Most of the operators and service providers we work with are keen to have an end-to-end, Lead to Cash process that ensures effective service delivery, customer satisfaction and revenue collection. In most cases, there is still a lot to do to get there. Many telecommunications businesses still have ‘silo-based’ BSS systems and processes that are not very well joined-up – virtually guaranteeing erratic service delivery, questionable customer service and revenue leakage.
Recognising this, it is tempting to embark on a major transformation programme designed to achieve the required level of system and process integration. While this is entirely understandable, too many of these projects fail, resulting in loss of both money and time. We have written previously about the main reasons for the failure of large-scale IT projects – see ‘Turning the Tide: How to stop IT projects failing’ and ‘Project Delivery Assurance – a United approach’ (http://www.t-exec.com/downloads/ ). We want to focus here on a low risk, value-driven approach to achieving effective Lead to Cash performance that maximizes business value and ROI.
Our recommended approach calls for the execution of a series of small-scale projects, preferably using an ‘Agile’ methodology, configured according to an overall architectural ‘blueprint’ for the Lead to Cash process. These individual projects should each be designed in harmony with the overall blueprint, but be focused on those areas where value (to the business and to its customers) and ROI are agreed to be high. In general, these projects should be of around 3 months duration, involve only 6 – 10 people and result in the delivery of working systems and processes that are then immediately released to the business. Project teams should include representatives of the business stakeholders, as well as the required analysts, developers and testers, all working closely together under the guidance of an experienced Project Manager.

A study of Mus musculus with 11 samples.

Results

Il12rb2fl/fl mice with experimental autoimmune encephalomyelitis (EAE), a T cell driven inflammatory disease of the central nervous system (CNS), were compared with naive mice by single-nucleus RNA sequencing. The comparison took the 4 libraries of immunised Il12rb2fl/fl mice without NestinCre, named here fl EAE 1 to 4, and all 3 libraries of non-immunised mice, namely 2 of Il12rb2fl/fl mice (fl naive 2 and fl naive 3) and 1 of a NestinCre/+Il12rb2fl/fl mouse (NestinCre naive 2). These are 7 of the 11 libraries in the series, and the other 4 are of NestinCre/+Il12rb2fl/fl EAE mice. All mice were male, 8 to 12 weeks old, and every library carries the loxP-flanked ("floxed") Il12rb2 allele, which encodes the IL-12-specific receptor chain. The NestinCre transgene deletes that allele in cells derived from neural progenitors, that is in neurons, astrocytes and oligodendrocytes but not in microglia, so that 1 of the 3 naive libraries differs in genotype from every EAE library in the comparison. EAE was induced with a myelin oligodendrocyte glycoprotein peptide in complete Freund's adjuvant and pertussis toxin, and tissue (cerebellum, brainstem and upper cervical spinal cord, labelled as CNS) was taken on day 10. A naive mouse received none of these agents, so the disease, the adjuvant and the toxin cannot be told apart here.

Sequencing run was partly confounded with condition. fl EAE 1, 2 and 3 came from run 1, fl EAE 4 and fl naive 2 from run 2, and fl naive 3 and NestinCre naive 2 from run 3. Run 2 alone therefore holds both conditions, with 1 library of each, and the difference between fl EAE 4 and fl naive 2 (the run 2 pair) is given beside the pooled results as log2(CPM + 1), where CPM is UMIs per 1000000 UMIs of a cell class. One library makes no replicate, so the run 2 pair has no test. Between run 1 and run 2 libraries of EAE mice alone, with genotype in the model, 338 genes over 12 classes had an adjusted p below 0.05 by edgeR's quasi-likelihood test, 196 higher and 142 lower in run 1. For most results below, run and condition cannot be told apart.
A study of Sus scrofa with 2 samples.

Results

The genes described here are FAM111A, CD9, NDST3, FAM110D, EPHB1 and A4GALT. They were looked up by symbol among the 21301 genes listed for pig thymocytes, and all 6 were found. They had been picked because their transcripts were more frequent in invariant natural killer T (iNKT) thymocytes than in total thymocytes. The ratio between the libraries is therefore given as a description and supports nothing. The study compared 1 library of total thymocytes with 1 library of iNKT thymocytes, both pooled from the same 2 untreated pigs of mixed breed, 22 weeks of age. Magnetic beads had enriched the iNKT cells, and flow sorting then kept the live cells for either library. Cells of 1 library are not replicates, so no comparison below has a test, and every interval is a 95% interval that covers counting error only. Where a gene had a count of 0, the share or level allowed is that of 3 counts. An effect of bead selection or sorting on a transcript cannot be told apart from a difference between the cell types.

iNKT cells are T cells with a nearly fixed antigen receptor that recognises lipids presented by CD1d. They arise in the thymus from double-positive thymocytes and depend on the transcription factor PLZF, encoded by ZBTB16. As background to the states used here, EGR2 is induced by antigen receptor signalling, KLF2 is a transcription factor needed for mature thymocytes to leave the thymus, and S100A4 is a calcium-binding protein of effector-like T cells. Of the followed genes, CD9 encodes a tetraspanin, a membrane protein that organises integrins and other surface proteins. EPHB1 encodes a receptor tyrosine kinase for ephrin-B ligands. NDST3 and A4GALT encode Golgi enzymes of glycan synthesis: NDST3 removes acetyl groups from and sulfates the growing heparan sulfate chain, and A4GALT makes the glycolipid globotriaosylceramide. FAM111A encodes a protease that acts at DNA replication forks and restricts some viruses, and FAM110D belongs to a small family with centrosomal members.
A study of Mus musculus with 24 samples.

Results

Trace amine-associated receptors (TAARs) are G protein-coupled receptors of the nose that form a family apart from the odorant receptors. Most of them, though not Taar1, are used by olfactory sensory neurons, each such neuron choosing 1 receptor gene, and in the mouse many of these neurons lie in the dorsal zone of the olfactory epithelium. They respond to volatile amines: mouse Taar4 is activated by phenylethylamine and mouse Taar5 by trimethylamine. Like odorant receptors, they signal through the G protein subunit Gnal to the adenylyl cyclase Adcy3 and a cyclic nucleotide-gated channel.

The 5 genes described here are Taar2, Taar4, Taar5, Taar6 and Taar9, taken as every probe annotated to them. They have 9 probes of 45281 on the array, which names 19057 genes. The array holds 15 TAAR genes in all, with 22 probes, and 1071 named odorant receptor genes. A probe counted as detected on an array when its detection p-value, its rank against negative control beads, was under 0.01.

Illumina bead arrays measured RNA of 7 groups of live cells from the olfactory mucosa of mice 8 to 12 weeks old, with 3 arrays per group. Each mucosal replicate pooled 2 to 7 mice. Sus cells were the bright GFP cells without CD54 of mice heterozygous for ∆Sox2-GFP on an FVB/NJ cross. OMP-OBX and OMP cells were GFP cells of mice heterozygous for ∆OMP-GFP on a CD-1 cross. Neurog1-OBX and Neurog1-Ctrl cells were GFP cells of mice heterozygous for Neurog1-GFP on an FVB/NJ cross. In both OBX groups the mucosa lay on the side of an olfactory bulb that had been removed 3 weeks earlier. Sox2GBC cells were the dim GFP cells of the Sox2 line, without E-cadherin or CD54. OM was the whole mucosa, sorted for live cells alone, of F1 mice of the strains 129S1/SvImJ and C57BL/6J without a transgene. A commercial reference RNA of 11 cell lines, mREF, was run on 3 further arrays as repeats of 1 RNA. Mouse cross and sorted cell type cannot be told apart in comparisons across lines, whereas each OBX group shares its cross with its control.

Working in this way, the ultimate shape of the solution is defined at high-level in the architectural blueprint, but the individual projects are designed to deliver real value to the business immediately. This avoids the situation – seen all too often – where major programmes take years to deliver any meaningful value as a result of endless discussions about requirements, resources, budgets, and so on. The sheer number of people and factors involved in these programmes makes them hugely difficult to deliver successfully (see Standish Group, Chaos Report 2013). And even when results are delivered, there is a real risk that the actual needs of the business will have moved on over the duration of the programme, reducing its ultimate value.
We believe that very few organisations can afford to run transformation programmes this way, where the business sees no value at all until a large investment is already sunk into the programme, for better or worse. Instead, an approach that defines the required architecture at the outset, and then executes mini-projects based on achieving immediate value can deliver what the business really needs, even when this is shifting as the work progresses.
Effective Lead to Cash processes are essential to success and growth in the telecommunications sector. The smart businesses will adopt a flexible strategy based on small-scale projects within a well-designed overall BSS architecture.